Bush in Florida to seek support for tax-cut plan

President to visit friendly turf in state that decided election

Democrats plan rallies

March 12, 2001|By David L. Greene | David L. Greene,SUN NATIONAL STAFF

WASHINGTON - Since taking office, President Bush has not visited the state that is governed by his brother, where the outcome of the disputed election finally sealed his victory and sent him to the White House. Today, Bush will make his first trip to Florida as president.

He will arrive in Panama City, where he will speak at a Rotary Club and tour a military base. White House aides bill the stop as just another in a series of visits to push his agenda and press members of Congress in their back yards to support his tax cut. Bush made stops last week in Illinois, the Dakotas and Louisiana.

None of those places, though, is Florida. After the postelection battle that raged for five weeks, ignited emotions and held America in a state of uncertainty, Bush lands in a place where he owes gratitude to those who helped inch him ahead in one of the tightest of elections.

Perhaps mindful of the simmering outrage of Democrats who think the election ended unfairly, the White House chose one of Florida's more conservative areas. It is a district Bush easily carried and is home to some of his most loyal GOP compatriots.

"Between the Panhandle, and the Hispanic community in Dade County, it sure wouldn't hurt for him to say thanks," said Allan Bense, a Republican state legislator who represents the area.

A visit to friendly political environs likely means Bush will encounter fewer protests than if he had gone elsewhere. It also means that whenever Bush decides to travel to Democratic areas of Florida, those trips might attract less attention as well, because they won't be his first to the state as president.

Democrats aren't ignoring today's visit. And they say that rather than simply thanking his supporters, Bush should try to mend fences with those not convinced that his victory was legitimate.

Democrats plan to provide conspicuous reminders, holding rallies today in three Florida cities - Jacksonville, Orlando and West Palm Beach. Democratic Party leaders say they want the president to know he is in a state that has neither healed nor forgotten.

"I am locked in time - it's still Nov. 7 to me," said Rep. Corrine Brown, a Florida Democrat who is organizing the Jacksonville rally. "I'm not welcoming him, after he stole the election."

Brown is a member of the Congressional Black Caucus, which has complained that a disproportionate number of African-American votes were not counted because irregularities occurred more frequently in their precincts.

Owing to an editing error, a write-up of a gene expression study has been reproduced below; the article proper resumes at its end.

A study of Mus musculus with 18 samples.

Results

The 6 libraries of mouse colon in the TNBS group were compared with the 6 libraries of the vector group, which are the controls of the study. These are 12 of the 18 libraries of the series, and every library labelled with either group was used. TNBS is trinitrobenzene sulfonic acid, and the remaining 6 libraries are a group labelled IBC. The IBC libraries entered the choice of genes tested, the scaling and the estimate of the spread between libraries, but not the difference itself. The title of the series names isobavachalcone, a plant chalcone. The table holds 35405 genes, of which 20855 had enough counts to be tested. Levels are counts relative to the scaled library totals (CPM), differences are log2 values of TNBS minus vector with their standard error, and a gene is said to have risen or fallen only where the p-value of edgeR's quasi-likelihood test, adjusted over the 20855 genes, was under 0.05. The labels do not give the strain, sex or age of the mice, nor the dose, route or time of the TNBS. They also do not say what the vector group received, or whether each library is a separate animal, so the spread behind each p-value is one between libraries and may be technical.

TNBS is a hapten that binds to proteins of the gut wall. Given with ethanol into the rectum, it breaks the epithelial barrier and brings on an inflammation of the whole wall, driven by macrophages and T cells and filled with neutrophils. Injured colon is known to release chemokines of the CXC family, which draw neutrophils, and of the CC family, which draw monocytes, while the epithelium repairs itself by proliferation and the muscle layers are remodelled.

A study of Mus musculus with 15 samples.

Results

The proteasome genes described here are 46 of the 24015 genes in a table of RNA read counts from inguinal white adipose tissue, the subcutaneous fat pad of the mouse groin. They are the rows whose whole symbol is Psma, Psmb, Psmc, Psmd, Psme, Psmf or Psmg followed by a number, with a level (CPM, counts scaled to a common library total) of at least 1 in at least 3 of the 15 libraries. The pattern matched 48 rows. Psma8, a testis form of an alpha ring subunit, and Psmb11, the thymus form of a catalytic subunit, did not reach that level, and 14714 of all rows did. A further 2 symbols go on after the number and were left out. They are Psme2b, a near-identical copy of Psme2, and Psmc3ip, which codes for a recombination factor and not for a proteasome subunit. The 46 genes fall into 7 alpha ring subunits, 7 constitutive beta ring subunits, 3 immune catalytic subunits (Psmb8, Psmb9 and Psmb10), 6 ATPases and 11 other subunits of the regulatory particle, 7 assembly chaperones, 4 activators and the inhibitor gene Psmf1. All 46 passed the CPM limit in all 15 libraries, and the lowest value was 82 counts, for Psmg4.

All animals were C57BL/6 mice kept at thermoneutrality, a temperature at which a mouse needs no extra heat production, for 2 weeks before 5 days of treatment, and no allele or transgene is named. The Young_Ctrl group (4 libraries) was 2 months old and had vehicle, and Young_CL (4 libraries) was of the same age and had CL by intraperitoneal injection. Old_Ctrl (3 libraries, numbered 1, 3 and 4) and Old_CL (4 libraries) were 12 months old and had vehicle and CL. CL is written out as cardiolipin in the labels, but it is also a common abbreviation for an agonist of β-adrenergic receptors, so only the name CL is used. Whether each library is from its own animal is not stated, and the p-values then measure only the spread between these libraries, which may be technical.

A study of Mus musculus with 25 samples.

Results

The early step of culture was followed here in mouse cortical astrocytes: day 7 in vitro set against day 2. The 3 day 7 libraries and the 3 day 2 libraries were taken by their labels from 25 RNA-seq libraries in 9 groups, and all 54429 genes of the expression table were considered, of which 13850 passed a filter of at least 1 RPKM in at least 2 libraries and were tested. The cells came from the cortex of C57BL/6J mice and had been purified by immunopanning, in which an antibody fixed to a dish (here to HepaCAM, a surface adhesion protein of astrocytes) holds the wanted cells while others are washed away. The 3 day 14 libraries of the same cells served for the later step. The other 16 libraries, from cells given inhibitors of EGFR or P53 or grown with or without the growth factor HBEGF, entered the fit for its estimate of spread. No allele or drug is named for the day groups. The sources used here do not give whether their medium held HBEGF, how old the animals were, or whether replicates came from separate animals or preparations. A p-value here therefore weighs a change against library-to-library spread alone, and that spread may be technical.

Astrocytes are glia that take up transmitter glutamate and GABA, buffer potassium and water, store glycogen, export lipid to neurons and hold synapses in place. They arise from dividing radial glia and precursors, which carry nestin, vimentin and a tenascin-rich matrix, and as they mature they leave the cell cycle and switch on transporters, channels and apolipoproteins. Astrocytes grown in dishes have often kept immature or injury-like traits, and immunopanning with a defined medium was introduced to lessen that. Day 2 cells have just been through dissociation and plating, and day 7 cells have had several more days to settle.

"There has been no healing," said Brown, who wants the president to embrace election reform as a top priority. "My constituents have been disenfranchised. They feel pain. Any time I see them, they let me know."

Bush is landing in Florida just as his brother, Jeb, the governor, has drawn fire from the U.S. Commission on Civil Rights for not more aggressively addressing concerns about his state's voting system. Mary Frances Berry, the commission's chairwoman, wrote to the governor Thursday, expressing "deep disappointment" with his "statement of priorities" in his annual State of the State address last week. The governor mentioned the election only in the last paragraphs of that speech.

"He did not make voting rights reform as high as a priority as we would have hoped," Berry said in an interview.

Recount back in headlines

Bush also arrives as the recount dispute has returned to the headlines. The Palm Beach Post reported yesterday that according to its review, the "butterfly ballot" design that confused voters into choosing two candidates cost Al Gore 6,607 votes in Palm Beach County. Without the confusing design, the report said, Gore would have picked up more than enough votes to win in Florida - and thus capture the presidency.

Some Floridians who supported Al Gore say that their anger over the outcome of the election has waned and that they remain open-minded about the Bush visit and even look forward to hearing what he has to say.

These Gore backers say they want to shift their energies toward opposing Bush policies they find unpalatable. Some of them say they have grown weary of complaining about chads and dimples and recounts.

Take Cynthia McCauley, a special-education teacher and mother of seven from Panama City who voted for Gore, then filed a lawsuit alleging that Republicans enjoyed easier access to absentee ballots than did Democrats.

Her lawsuit focused on a letter from Jeb Bush to Republicans, inviting them to "vote from the comfort of your home" using an absentee ballot. McCauley's attorneys argued that the letter may have misled voters into thinking it was legal to use an absentee ballot out of convenience, rather than because they could not reach the polls on Election Day.

Absentee ballots in Florida largely favored the Republican. The night Gore delivered his concession speech, McCauley said, she felt resentment toward George W. Bush.